Zubin Mehta's Kahsmir Concert Strikes Sour Note

Protests Greet Maestro in Indian-Controlled Region

Sour Note: Maestro Zubin Mehta leads orchestra in Indian-controlled Kashmir. The music was sweet but the concert set off strikes and violent protests by separatists.

By Reuters

Published September 08, 2013.

The concert, on the banks of picturesque Dal Lake, went off peacefully on Saturday night amid heavy security to deter any attack by separatist insurgents in one of the most militarised regions of the world.

The event was organised by Germany’s ambassador to India, Michael Steiner, with the aim of reaching “the hearts of the Kashmiris with a message of hope and encouragement”.

But separatist groups protested against an event they said effectively legitimised New Delhi’s rule over the disputed state, and called a strike on Saturday to show their opposition. Shops were shuttered and streets largely deserted in Srinagar, the summer capital of Jammu and Kashmir state.

In the hours before the concert, security forces deployed in the city as part of a major operation by the army, paramilitary forces and police to protect the event shot and wounded a motorist who they said failed to obey orders to stop.

In south Kashmir, security forces said they shot four men to thwart an attack on a paramilitary base. Angry residents protested that those killed were innocent civilians. The shootings underscored tension in a region where New Delhi has deployed 700,000 security force personnel to keep the peace.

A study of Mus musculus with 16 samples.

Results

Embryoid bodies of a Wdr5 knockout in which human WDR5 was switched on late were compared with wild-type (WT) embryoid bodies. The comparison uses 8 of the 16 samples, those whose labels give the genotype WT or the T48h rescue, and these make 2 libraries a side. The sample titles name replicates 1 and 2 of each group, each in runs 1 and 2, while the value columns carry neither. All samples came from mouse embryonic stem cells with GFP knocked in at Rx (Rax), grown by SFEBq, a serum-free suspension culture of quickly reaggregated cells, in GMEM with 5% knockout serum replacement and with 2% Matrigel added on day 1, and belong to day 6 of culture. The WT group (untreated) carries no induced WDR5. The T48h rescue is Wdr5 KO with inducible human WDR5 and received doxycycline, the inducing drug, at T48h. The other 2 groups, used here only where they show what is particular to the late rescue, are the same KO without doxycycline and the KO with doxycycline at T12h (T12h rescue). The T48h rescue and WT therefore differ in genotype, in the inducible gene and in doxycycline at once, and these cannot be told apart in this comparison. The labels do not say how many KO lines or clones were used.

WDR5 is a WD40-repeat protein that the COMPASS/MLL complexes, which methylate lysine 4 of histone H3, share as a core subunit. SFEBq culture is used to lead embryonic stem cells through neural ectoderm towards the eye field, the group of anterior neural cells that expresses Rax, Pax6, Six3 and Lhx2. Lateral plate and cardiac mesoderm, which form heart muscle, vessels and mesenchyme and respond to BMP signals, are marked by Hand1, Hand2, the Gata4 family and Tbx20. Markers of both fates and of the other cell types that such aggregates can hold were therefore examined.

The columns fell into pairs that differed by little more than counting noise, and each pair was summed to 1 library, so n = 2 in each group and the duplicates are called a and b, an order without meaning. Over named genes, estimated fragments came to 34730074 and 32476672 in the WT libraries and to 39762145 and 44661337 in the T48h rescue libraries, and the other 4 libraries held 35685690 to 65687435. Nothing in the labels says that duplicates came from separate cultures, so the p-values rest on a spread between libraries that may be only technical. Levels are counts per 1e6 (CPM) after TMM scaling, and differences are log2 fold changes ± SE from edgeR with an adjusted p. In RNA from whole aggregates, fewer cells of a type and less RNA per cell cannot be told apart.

As Mehta and Steiner went on Indian television on Sunday to defend the decision to hold the concert in Kashmir, it was denounced from an unexpected quarter.

The event had not been properly handled and had become politicised, complained Nikolaus Bachler, the general manager of the 80-strong Bavarian State Orchestra, which played on Saturday to an audience of about 2,700 invited guests, including business leaders, government officials and diplomats.

The orchestra had been under the impression they would be playing for the Kashmiri people, and not, Bachler said, at an “embassy concert” to which access was restricted.